Michael Trejo Brings Business Back to the Valley of the Sun

After a decade on Wall Street, Michael Trejo returned to his home state of Arizona. He’s now transforming Standard Printing Company to strengthen its foundation and introduce new opportunities.

Michael Trejo Brings Business Back to the Valley of the Sun
Photo by Alessandro Biehl

He’s a Harvard grad, an investment banker, a successful entrepreneur, and a respected leader—but at his core, Michael Trejo is an Arizonan. His grandfather was an elected official in Phoenix and had several children who formed deep roots in the state. Although Trejo left to gain business experience, he’s returned to grow an established company and contribute to the place his family has called home for seven generations. 

Trejo traces his roots to ancestors who came to Arizona from Mexico. They settled in Phoenix, lived in the barrios, and became part of the local fabric. Trejo watched members of his extended family work various jobs and start meaningful careers. He was always good with numbers and remembers memorizing baseball stats from the local newspaper as a child. It was a budding talent the adults in his large family encouraged. When Trejo turned eleven years old in 1998, his grandparents gave him $300 and his parents gave him a book outlining the top one hundred stocks to own. Trejo bought two shares of a paint company and two shares of Oracle. Soon, his investment doubled. Before long, it turned into $1,800. 

A career in finance seemed like a foregone conclusion, but Trejo didn’t have any role models he could turn to. He worked as a stock boy at a grocery store and refused to use his car’s air conditioner so he could save money to buy the Wall Street Journal. He landed a full scholarship to Arizona State University (ASU), which nearly was taken away from him after poor focus affected his grades. “Nobody I knew was in finance, and I needed a mentor to show me the way,” he explains. Trejo joined ASU’s Hispanic Business Students’ Association and met Gary Trujillo. 

Michael Trejo, President and CEO, Standard Printing Company
Photo by Alessandro Biehl

Trujillo, who had founded an investment firm and already logged decades as an entrepreneur, founded an education-focused nonprofit with his wife Melissa—the Be a Leader Foundation—and he also worked to empower Latino students. He became the mentor Trejo was looking for. 

The support set Trejo on a new path. He improved his grades, honed his writing skills, and prepared for a career on Wall Street. Trujillo helped Trejo secure an internship that he eventually parlayed into an entry-level position with Merrill Lynch.

The next months and years were a flurry of activity. A month after he received the job offer from Merrill Lynch, he got another important piece of mail—an acceptance letter from Harvard Business School. Soon after, Bank of America bought Merrill Lynch. Then in 2011, after he had begun his studies, he was accepted into Bank of America’s diversity fellowship program. He completed his MBA and MPP in Cambridge, Massachusetts, and returned to Bank of America, where he stayed for eight years.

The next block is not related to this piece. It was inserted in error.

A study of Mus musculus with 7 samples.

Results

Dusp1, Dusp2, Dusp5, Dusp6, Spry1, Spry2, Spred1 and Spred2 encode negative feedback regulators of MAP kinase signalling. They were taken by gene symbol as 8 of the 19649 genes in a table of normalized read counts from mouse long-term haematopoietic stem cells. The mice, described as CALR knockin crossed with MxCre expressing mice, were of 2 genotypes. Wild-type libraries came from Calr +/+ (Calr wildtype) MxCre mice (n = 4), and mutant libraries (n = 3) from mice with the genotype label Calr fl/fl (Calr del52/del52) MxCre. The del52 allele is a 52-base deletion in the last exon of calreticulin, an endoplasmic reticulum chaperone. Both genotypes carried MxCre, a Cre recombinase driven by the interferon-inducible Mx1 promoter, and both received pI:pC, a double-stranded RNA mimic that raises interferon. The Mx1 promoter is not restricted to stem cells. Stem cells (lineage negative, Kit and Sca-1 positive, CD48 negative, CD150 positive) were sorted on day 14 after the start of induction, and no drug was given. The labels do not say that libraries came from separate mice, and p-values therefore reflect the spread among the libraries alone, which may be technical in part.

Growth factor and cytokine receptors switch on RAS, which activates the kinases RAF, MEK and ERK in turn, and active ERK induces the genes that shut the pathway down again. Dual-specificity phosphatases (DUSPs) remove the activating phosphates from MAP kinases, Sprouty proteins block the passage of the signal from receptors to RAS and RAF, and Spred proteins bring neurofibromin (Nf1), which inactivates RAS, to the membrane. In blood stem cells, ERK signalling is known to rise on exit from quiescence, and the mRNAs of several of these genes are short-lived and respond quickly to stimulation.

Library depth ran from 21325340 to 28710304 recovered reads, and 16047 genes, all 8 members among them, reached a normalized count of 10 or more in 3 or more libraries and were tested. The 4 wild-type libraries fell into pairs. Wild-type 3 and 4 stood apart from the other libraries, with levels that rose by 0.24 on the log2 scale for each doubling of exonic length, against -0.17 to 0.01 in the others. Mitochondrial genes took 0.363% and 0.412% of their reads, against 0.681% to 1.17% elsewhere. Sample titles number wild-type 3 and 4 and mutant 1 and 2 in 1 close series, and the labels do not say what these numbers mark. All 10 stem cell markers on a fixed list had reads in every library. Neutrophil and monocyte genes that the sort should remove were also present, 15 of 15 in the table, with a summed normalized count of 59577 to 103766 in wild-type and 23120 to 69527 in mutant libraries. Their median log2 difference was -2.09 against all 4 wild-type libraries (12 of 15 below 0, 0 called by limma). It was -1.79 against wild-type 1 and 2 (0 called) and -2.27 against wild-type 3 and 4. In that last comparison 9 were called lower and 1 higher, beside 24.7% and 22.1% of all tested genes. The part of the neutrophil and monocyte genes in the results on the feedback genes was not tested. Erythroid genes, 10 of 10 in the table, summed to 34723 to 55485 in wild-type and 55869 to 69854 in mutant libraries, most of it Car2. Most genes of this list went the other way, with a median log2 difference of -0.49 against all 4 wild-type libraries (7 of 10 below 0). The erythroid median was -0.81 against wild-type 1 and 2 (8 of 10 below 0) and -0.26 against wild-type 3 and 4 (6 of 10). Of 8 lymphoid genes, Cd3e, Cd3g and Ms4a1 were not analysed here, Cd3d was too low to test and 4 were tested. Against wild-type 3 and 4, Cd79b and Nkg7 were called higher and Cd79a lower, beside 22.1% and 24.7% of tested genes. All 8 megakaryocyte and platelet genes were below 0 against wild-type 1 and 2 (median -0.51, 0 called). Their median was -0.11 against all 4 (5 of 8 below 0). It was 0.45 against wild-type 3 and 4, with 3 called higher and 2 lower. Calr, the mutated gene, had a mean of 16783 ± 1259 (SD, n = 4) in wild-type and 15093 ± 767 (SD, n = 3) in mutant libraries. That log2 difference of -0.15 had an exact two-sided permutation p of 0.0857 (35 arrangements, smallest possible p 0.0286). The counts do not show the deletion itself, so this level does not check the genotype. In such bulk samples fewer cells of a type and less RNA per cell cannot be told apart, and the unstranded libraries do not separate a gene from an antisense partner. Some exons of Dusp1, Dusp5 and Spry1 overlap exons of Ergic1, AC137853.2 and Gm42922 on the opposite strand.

Trejo was based in New York City and traveling the world to complete billion-dollar transactions for top utilities clients. Although he was “living the dream,” he missed Arizona. “I always planned to leave the state for ten years to gain experience that I could bring back to my community,” he says. “It was time to come home.” Trejo picked up the phone and called his mentor. Together, they hatched a plan and orchestrated Trejo’s homecoming. 

The duo started looking for a local firm they could accelerate by making it into a minority-owned business. They found a match in Standard Printing Company (SPC). The commercial trade printer started printing business forms in 1952. When Trujillo’s Southwest Harvard Group Ventures acquired SPC last year, the new leaders kept the company’s highly effective management team in place and added Trejo as president and CEO to lead business development and new customer acquisition.  

Trejo is navigating the transition from Wall Street banker to small business owner well. “Things are more relational here, and I like reintroducing myself to the people and places that have been instrumental in my family’s story,” he says. He’s looking to add capacity and support Standard Printing’s growth as they produce forms and documents for large corporate and municipal clients. SPC’s new status as a minority-owned business is opening doors as Trejo and Trujillo help customers achieve their supplier diversity goals. 

Standard Printing also has new initiatives in place to address sustainability and environmental impact. Trejo, who covered clean technology and renewables at Bank of America, is taking steps to lower his new company’s impact. SPC uses soy-based ink and ensures all waste is collected for recycling. 

But perhaps the most meaningful steps are the ones Trejo and his team are taking to reinvest in the local community. Employees are encouraged to engage local nonprofits, and SPC contributes to organizations like the Boys & Girls Clubs of Phoenix. Trejo is now a formal part of the Be a Leader Foundation, which provides leadership development and college access programs for more than fourteen thousand students per year. 

“It has been a pleasure to work with Michael as a business partner,” says Christine Nowaczyk, senior vice president of corporate banking at BOK Financial. “Michael’s commitment to our community and his support of students through the Be a Leader Foundation will ensure Arizona continues to be a place we are all proud to call home.”

Standard Printing operates in an industrial Hispanic neighborhood, and Trejo is proud to be helping his hometown thrive. “We’re right where we want to be as a business,” he says. “We’re growing, and we want people and communities to grow along with us.”